What is toluene?
Toluene is also known as methylbenzene, phenylmethane and toluol. It was originally extracted from the tropical Colombian tree of Myroxylon balasamum which has an aromatic extract known as tolu balsam. However, toluene is also a naturally occurring compound in crude though in very low levels. It is also a by-product in the production of gasoline and coke (fuel) from coal. Toluene is a colorless and clear liquid with a distinct smell, characteristic of the aromatic hydrocarbon family of chemical compounds including benzene. chemical reagents supplier
What are the chemical properties of toluene?
Toluene is typically stable under normal usage and storage conditions but the container may burst when heated or subjected to high temperature and mishandling.
It can be highly reactive especially in the presence of heat and flame. It is chemically incompatible with strong oxidizing agents, sulfuric and nitric acids, nitrogen tetraoxide, and chlorine. When heated and made to react with a nitro group, toluene can give rise to dintrotoluene and eventually, into the volatile and explosive trinitrotoluene. It reacts strongly with oxidizing agents and may produce heat or potentially ignite or explode when not handled properly.
Where is toluene commonly used?
Toluene is a vital chemical used in the adhesive, laboratory, paint, pesticide, pharmaceuticals, and rubber industries. It is usually used as a solvent for dilution, extraction, and electroplating. The largest use for toluene, however, is in benzene production.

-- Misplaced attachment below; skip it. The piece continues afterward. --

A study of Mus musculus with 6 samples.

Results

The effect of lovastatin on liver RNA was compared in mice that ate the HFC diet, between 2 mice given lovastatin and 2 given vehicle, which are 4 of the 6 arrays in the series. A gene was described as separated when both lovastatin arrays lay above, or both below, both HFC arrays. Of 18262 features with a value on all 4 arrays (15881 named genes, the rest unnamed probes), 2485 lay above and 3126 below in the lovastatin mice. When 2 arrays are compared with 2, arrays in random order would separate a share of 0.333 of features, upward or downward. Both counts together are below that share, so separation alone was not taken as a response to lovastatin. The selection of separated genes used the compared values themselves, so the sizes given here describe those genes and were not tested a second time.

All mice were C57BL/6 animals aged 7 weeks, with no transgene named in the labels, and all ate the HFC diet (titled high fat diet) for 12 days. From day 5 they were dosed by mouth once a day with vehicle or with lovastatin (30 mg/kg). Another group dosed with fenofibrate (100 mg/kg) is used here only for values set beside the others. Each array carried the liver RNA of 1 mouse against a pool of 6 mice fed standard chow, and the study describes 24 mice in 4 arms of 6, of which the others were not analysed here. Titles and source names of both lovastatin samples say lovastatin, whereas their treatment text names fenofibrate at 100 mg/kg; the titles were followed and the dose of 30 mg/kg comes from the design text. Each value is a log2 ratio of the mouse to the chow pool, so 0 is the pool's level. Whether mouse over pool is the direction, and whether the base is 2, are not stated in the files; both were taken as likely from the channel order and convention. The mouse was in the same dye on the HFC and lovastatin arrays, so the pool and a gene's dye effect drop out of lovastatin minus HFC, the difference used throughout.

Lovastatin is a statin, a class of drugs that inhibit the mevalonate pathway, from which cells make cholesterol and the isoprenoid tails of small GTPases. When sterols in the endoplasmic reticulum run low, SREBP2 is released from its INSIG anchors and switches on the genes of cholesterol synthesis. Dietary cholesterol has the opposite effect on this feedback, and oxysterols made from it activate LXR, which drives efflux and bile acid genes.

Toluene is usually used a solvent due to its ability to dissolve paints, silicone sealants, lacquers, adhesives, rubber, printing ink, leather tanners, and disinfectants.
This substance is also used as an enhancer and octane booster in gasoline, as a coolant in nuclear reactor systems because of its natural heat transfer properties, as well as in biochemistry experiments where toluene is used to rupture red blood cells for hemoglobin extraction.
What are the potential hazards of toluene?
Risk to Human Health
Low to moderate levels of toluene inhalation can cause confusion, tiredness, weakness, nausea, loss of memory, loss of appetite, as well as color vision and hearing loss. When exposure to toluene is discontinued, these symptoms typically disappear. On the other hand, unconsciousness, or even death, can result to inhalation of high concentrations of toluene.
Ingestion and swallowing can cause abdominal pain and spasms and other symptoms akin to those of toluene inhalation. Direct skin contact can cause irritation and toluene can be absorbed through the skin. Toluene causes severe irritation with redness and pain when it makes contact with the eyes.
There have been reports of anemia, bone marrow disorders, and decreased blood count due to constant exposure to toluene even in small concentrations. It also has a defatting capacity which results to redness and drying of the skin as well as dermatitis. Toluene is also known to aggravate existing medical conditions such as those with skin disorders and kidney or liver disorders. Alcohol consumption is known to enhance the toxic effects of toluene. It is also very harmful to pregnant women.
Risk to the Environment
Toluene has been known to have moderate toxicity to aquatic organisms although there is no significant risk for bioaccumulation. Since this substance has strong reactivity properties, when it is released into the soil, water or air, toluene evaporates to a reasonable extent. But it is expected to filter into the water table.
Toluene is a largely unstable and toxic substance when mishandled. Therefore, the need for proper handling as well as storage practices must be stressed out. Those who are constantly exposed to toluene must be given proper protection gear since prolonged exposure to toluene vapor can be very unhealthy and, in the most extreme cases, fatal.